Deserted streets have hammered shop trade (Image: Getty Images)


Trade in industries hammered by Covid-19 lockdowns and social distancing curbs has been clobbered, according to a House of Commons Library analysis commissioned by Labour.

It found non-food retail, hospitality, leisure and cultural businesses and organisations have suffered a £61billion hit to takings so far this year compared with 2019.

The figures come as businesses face the run-up to Christmas gripped by uncertainty over when they will be allowed to reopen – and what restrictions will be in place.

The England-wide lockdown ends on December 2, but there are fears tough restrictions could remain under the “tiered” regime.

Coronavirus as seen under a microscope

The Government is due to outline its plan next week.

Non-food retailers take a fifth of turnover, totalling £39bn, in the countdown to the festive period – twice as much as takings in January and February.

But businesses in accommodation and food services say turnover has plummeted by 79%, while in arts, entertainment and leisure, takings were down 71% last month compared with a typical October.

Shadow Business Minister Lucy Powell said: “The run-up to Christmas is an absolutely critical time of year for so many businesses on our high streets facing a triple whammy of tumbling turnover, plummeting profits and crumbling confidence as a result of the Government’s failure to tackle the coronavirus.

Shadow Business Minister Lucy Powell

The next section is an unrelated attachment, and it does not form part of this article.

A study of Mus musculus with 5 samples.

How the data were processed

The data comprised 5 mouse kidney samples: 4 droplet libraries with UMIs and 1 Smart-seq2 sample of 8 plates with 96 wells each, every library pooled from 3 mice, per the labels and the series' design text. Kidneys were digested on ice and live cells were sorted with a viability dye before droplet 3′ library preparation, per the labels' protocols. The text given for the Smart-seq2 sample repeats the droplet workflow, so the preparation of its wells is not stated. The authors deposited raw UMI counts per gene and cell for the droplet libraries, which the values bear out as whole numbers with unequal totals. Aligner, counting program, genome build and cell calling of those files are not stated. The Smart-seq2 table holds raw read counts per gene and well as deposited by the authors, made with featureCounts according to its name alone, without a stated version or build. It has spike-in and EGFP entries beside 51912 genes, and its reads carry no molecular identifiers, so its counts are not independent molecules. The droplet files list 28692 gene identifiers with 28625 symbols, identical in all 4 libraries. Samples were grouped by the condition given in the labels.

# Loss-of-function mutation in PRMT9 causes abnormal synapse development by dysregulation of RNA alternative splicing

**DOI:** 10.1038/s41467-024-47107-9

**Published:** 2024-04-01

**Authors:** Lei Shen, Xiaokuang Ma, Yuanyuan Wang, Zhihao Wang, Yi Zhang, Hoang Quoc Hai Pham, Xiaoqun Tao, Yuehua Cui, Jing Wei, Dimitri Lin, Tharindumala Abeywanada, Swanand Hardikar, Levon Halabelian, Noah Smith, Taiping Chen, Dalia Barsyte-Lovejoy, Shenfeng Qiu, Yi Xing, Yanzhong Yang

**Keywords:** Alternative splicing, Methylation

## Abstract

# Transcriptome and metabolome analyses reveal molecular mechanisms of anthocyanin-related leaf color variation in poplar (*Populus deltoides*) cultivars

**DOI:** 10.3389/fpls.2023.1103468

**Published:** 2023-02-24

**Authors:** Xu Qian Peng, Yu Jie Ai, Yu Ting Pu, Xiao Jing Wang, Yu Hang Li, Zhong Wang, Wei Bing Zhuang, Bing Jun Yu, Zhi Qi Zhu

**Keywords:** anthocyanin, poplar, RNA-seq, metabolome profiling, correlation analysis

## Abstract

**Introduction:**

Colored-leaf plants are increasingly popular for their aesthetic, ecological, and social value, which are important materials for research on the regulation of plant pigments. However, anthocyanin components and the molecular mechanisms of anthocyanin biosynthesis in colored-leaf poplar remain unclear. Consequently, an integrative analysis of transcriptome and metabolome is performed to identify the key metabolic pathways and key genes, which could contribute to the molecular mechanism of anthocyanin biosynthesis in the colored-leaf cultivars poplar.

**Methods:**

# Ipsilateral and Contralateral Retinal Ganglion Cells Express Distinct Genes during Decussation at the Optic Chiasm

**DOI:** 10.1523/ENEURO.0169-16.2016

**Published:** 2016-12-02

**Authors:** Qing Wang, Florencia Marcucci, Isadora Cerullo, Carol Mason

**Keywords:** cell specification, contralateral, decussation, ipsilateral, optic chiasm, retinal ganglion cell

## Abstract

(Image: Manchester Evening News)

“Many companies are hanging on by their fingertips.

“If they are left to go bust by the Government, we’ll see a bleak mid-winter for many, and an avalanche of job losses.”

The warning came as a top scientist said mixing at Christmas poses "substantial risks".

Government adviser Andrew Hayward, professor of infectious disease epidemiology at University College London and a member of the Scientific Advisory Group for Emergencies, said the country was "on the cusp" of being able to vaccinate older populations and it would be "tragic" to throw away the gains made in suppressing coronavirus.

Professor Andrew Hayward

He also attacked the Government for "inconsistent" messages , saying it was clear that if people wanted to avoid Covid-19 they should not mix indoors.

Prof Hayward told the BBC: "Mixing at Christmas does pose substantial risks, particularly in terms of bringing together generations with high incidence of infection with the older generations who currently have much lower levels of infection and are at most risk of dying if they catch Covid.

“My personal view is we're putting far too much emphasis on having a near-normal Christmas.

“We know respiratory infections peak in January so throwing fuel on the fire over Christmas can only contribute to this.”

Cabinet Minister Ben Wallace told ITV's Good Morning Britain: “Ultimately we will try and make sure we protect our NHS and safeguard lives.

“I don't want to be the Grinch that stole Christmas – I'm not campaigning for that.

Defence Secretary Ben Wallace
(Image: PA)

The Grinch
(Image: Liverpool ECHO)

“I would love all of us to be able to have a Christmas, but more than anything I want us to get through this Covid and try and get this country back to normal and I want to protect lives."

Asked if carol singing would be allowed, the PM's spokesman said: “Whilst Christmas will be different this year, we will look to relax rules to allow families to have as normal a Christmas as possible.

“We will set out our plans next week.”